I read an article a couple of days ago about a Princeton psychology professor named Johannes Haushofer who created a “reverse resume,” complete with programs he did not get into, scholarships he did not get, and academic journals that have rejected him. Professor Haushofer wanted to draw attention to the fact that our unseen failures are just as important as our successes.

“Most of what I try fails, but these failures are often invisible, while the successes are visible,” he writes in the introduction of his CV of failures, which was shared so many times that #cvoffailures began trending on Twitter.

I wholeheartedly believe that those who haven’t succeeded haven’t tried. All accomplished people have failed a bunch of times, whereas people who have faced less rejection are also generally less successful. To put this in perspective, Stephen King put all of his rejection letters on a nail on a wall, and by the time he was only fourteen, he had already been rejected so many times that the nail could no longer support all of the letters. So, he replaced it with a spike, kept on writing, and the rest was history.

A lot of cool things have been happening in my life lately, and many people think that I’m just lucky. However, that is not the case, and I decided to do my own spin on the #cvoffailures to show my readers all the windows that opened up when the doors were closed over the last few years. As you can see, in many cases I also had to make my own breaks.

Failures

Accomplishments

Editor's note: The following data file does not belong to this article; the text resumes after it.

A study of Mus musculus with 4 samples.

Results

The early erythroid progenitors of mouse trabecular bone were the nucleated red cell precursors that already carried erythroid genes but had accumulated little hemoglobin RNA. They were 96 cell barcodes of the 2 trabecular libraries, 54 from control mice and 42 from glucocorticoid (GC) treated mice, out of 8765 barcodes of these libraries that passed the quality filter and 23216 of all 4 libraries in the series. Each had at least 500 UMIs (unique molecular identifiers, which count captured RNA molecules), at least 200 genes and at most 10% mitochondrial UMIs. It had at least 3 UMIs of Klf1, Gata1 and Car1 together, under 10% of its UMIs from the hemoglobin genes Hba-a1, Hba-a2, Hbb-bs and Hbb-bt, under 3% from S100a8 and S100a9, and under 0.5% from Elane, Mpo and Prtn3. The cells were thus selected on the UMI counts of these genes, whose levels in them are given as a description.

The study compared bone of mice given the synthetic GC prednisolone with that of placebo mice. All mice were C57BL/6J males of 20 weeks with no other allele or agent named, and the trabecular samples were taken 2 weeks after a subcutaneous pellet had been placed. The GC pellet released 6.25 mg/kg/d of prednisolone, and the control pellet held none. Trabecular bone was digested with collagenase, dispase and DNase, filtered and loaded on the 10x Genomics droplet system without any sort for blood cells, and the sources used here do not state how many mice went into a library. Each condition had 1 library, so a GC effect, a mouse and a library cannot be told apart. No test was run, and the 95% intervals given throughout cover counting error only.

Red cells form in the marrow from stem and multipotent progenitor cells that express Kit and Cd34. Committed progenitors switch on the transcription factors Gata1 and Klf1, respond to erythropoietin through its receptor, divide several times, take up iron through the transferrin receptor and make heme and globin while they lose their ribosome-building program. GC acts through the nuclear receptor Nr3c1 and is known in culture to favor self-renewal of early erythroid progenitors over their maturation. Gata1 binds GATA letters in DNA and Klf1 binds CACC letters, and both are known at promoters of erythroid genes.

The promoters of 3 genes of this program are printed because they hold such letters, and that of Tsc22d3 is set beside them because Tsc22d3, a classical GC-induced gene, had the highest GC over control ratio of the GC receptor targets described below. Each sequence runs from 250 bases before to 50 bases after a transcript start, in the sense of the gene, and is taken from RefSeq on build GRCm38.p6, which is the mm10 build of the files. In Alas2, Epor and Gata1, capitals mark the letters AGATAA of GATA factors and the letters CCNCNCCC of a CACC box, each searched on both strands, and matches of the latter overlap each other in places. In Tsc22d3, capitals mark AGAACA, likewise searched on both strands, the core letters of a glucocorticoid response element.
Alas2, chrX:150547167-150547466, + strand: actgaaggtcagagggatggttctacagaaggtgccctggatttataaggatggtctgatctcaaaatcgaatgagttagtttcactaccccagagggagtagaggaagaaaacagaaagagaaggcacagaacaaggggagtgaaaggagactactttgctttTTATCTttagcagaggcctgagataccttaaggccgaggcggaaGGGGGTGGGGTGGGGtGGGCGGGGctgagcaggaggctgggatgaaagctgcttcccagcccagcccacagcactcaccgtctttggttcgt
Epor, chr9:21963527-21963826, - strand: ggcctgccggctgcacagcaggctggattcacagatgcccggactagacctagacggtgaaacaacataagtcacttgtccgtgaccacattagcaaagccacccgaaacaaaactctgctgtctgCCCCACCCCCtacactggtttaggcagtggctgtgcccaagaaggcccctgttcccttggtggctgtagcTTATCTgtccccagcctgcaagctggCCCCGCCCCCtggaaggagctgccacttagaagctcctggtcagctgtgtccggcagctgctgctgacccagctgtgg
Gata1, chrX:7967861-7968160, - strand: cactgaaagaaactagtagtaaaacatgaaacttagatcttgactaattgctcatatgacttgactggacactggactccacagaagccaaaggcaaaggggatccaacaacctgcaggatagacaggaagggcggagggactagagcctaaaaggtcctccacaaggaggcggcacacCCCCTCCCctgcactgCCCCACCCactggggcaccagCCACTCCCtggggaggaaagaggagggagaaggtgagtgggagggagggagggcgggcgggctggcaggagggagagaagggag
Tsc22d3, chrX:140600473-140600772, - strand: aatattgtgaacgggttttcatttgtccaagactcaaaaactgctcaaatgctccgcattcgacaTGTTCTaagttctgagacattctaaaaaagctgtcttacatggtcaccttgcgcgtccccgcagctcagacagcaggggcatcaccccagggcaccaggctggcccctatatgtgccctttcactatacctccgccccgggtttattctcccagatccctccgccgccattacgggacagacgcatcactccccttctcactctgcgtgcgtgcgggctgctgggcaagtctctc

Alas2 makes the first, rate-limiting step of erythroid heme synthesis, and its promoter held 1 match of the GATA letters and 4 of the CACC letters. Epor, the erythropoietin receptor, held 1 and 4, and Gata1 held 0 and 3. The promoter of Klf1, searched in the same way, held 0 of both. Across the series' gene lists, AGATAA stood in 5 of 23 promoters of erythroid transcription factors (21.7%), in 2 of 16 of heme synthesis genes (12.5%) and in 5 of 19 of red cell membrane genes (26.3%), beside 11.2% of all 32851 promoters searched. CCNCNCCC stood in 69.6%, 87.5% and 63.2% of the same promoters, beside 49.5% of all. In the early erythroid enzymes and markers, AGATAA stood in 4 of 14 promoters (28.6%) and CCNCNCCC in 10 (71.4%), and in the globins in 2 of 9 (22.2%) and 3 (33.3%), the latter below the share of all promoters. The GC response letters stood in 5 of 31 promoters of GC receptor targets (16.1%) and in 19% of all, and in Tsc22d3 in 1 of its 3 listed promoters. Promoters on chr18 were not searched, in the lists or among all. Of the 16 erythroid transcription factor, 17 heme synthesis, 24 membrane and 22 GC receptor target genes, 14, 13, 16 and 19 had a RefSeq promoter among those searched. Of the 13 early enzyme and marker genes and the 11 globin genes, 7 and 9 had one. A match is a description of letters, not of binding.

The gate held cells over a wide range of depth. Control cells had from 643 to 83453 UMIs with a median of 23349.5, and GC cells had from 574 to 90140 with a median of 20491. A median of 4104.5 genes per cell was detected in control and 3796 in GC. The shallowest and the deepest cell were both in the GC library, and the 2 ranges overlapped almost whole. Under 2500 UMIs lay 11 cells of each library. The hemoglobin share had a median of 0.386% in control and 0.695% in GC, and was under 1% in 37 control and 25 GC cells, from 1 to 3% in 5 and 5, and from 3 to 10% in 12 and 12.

• Rejected by Kindle Singles for a short personal narrative on travel
  • Self-published a longer travel memoir under my own brand, Blossoms Books
  • Did not win the prestigious Marguerite and Lamar Smith writer’s residency at Columbus State University
  • Won a travel bursary to take a biology course in rural Alberta from Athabasca University
  • Did not get an unpaid internship at a well-known Toronto fashion mag
  • Landed a paid, remote editorial internship at a small indie press
  • “Underqualified” for an in-house proposal writing job at a large consulting firm
  • Successfully submitted an RFQ to the Canadian government on behalf of Blossoms Writing & Editing
  • Rejected as a contributing writer for Bustle and countless other popular websites
  • Contributions accepted on The Huffington Post

Rejection can seem confusing, or as Professor Haushofer says, “stochastic,” (I still don’t understand why Zooey Deschanel’s Hello Giggles didn’t want to publish my piece on cloth pads!) but we have to trust that we don’t get what we aren’t meant to get, and that by pushing on, we will receive what’s coming to us. The truth is that all famous writers have been rejected countless times and received dozens, if not hundreds, of one-star reviews. It hurts, but it is inevitable, like the ripping of a band aid. (I’m still anxious about receiving my first one-star.)

The last year has been a wild ride for me. I rebranded Blossoms, started blogging on The Huffington Post, and released my first book. I have a feeling that things are just getting started, and I can’t wait to see what’s coming after the next rejection.